Calum Hayes |
December 21, 2012 | 3:02 p.m. PST


Fantasy Football has lost its appeal. (Daniel X. O'Neil, Creative Commons)
Fantasy Football has lost its appeal. (Daniel X. O'Neil, Creative Commons)

I have been playing fantasy football with the same group of friends for the past six years.

While six years may not sound like much, it seems longer when you consider that at the beginning of that time, I was still adjusting to having underarm hair and people not regularly confusing me for my mother on the phone.

Fantasy football used to be fun. It was a good way to talk trash to high school buddies, and transitioned into something that has kept me connected with those friends as we went off to different universities. Fantasy football has been said to have raised the football IQ of many in this country. It has helped to drive the popularity of the NFL with women, a previously untapped fan base. Fantasy football has done many good things for both the professional league it tries to emulate and for those who play it. It has been a positive force in the lives of many people on a week-to-week basis, but this year, I have been forced to admit, it is time for it to go - it is time for it to no longer be a part of my life.

Fantasy football used to just be a source of fun. Something that made you feel more involved, like your favorite players really mattered in your life. Something where people accepted they were fantasy football players, not owners. It has evolved into something that has a downside much larger than the fun it engenders.

This past week, the New England Patriots played the San Francisco 49'ers. Over the course of the game, I received countless fantasy related texts from friends. In all cases, the person I received the text message from came across as irrational. Fantasy football may very well have raised the IQ of football fans, but unfortunately for those who truly love the game of football, you can lead a fantasy player to water but you can't make him drink. That supposed rise in IQ is nullified on a weekly basis by a selfish desire to see players in their own lineup get the ball every time, and those in their opponent's fail at their jobs and potentially end up injured.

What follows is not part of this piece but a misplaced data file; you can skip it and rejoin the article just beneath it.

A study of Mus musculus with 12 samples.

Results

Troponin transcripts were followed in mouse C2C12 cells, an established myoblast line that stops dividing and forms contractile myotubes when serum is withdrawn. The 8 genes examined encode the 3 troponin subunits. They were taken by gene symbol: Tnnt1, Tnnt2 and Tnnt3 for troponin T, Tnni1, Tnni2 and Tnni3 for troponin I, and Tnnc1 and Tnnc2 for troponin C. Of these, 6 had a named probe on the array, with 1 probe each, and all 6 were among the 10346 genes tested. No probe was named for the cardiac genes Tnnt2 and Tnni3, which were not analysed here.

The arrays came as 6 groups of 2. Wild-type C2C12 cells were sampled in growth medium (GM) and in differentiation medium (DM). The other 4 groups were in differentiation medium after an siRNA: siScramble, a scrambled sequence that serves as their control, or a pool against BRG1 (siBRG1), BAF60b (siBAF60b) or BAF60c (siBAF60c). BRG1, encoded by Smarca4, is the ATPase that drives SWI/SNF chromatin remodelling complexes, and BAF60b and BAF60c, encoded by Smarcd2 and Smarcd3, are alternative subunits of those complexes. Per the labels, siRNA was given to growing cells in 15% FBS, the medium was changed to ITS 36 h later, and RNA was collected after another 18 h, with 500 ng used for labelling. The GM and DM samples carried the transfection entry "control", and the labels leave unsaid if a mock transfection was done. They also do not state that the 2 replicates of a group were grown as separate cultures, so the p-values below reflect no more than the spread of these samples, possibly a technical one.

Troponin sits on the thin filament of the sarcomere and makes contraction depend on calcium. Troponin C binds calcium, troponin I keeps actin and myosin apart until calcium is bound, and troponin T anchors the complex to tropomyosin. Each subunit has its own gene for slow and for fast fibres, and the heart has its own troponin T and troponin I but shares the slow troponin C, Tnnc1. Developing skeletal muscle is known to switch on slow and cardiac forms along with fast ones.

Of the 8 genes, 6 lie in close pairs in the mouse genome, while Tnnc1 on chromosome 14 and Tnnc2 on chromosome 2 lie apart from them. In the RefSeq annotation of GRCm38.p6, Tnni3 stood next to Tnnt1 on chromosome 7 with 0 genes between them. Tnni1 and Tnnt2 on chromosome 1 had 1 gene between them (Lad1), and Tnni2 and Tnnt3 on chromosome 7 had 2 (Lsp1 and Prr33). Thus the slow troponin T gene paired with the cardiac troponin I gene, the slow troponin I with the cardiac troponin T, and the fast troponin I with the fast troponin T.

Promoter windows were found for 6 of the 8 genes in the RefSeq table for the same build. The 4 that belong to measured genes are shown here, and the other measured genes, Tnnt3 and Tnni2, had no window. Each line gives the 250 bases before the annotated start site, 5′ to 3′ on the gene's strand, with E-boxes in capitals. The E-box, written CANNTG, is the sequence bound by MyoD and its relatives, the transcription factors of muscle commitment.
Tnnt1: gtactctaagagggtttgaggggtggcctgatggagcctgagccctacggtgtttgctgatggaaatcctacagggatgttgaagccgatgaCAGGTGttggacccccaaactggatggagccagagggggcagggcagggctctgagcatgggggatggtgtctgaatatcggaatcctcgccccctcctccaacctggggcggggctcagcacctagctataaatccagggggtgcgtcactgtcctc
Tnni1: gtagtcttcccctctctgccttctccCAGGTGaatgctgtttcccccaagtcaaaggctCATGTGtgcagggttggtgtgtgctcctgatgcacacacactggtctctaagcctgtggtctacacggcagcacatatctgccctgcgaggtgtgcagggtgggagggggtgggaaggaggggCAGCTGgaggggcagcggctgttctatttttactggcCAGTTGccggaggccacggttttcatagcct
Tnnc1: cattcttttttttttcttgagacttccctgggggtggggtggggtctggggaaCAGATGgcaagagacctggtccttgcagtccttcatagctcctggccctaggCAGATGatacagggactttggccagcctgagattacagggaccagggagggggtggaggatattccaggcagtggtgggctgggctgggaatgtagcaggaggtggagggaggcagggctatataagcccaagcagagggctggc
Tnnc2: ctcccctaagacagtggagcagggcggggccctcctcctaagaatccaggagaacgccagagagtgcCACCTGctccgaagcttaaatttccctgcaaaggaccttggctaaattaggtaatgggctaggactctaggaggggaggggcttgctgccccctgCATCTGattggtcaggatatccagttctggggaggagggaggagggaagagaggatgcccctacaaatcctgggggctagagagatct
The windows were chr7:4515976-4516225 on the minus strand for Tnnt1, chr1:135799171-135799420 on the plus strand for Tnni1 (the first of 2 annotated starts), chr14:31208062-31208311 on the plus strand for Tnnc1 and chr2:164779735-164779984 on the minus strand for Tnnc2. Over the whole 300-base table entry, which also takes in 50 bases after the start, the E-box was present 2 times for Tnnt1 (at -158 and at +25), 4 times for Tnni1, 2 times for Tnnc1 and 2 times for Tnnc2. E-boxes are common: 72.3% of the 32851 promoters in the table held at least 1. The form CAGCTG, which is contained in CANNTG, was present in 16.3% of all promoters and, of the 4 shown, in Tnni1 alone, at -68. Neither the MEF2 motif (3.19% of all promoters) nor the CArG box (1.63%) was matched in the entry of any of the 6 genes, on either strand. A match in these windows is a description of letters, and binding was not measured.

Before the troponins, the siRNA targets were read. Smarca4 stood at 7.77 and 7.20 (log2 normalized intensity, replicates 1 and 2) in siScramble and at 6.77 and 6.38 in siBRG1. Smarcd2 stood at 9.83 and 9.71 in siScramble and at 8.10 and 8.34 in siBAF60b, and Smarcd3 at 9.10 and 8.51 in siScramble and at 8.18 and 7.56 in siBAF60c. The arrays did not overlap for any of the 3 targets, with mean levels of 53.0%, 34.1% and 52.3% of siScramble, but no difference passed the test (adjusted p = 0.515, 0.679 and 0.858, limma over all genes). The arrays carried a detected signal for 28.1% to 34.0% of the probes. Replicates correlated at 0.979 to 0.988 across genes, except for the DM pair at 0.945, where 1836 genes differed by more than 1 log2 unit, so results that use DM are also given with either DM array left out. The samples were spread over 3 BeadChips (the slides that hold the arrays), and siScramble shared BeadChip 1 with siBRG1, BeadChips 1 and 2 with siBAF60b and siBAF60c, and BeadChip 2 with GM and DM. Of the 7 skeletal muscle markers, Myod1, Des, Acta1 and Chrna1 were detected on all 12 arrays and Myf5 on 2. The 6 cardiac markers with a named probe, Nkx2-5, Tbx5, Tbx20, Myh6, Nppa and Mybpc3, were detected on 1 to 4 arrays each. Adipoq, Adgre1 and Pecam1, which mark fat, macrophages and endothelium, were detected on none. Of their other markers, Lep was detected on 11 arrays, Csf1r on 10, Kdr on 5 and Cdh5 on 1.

Fantasy football may have started out as a way for die-hard fans to enjoy the game and spend time with friends, but it has evolved into a platform for every man-Jack to showcase just how selfish we truly appear to be as a nation. While the majority of fans are respectful of players and showcase that age-old value of sportsmanship our Pop-Warner coaches taught us, those few who step over the line tarnish the whole.

The "comments" section may be the worst thing ever invented in this country, but the ability of fantasy owners to tweet at "their" players is a close second. Every week I read stories of fantasy "owners" sending death threats to players who did not perform to expectations. Every week I see tweets to athletes telling them how useless they are, that they should be ashamed of and embarrassed by themselves, all because some "owner" lost his or her weekly matchup. Every week I see tweets to the men who work for ESPN and SI in the fantasy department telling them they don't deserve to be employed, simply because they made one bad prediction (I would hate to see the things they must say to weathermen).

Fantasy used to be fun because it was fictional. It was something you did for your own lighthearted enjoyment, not because you enjoyed feeling some possession of other human beings. It was a way to increase your passion for your favorite players while bringing you together with others. Death threats, harsh words, wishing unemployment and shame on others...What kind of a fantasy is that?

This will be my final season of fantasy football. Over the past six seasons of having a team, I have made the playoffs five times. This is in no way meant to make myself look better, it is to show I am not quitting because I am tired of losing. I am quitting for the reasons above because I won't be a part of any fantasy that involves shaming someone and wishing harm upon them. Because my definition of a fantasy doesn't involve being too much of a ninny to put your name next to a comment telling someone they don't deserve to have a job.

The Cleveland Browns have a 29-year-old rookie quarterback, Brandon Weeden. I named my team after him this season. That has always been one of my favorite parts of fantasy football. Seeing what creative, borderline inappropriate names my friends come up with for their teams every year (and doing the same myself). The final team name I will have as a fantasy football player is The Garden of Weeden.

I am retiring from fantasy football. Whether I am leaving of my own accord or whether it is ejecting me, I remain unsure. But one thing I am sure of, for myself and The Garden of Weeden: when it comes to fantasy football, this is my exodus.


Reach Contributor Calum Hayes here; follow him here.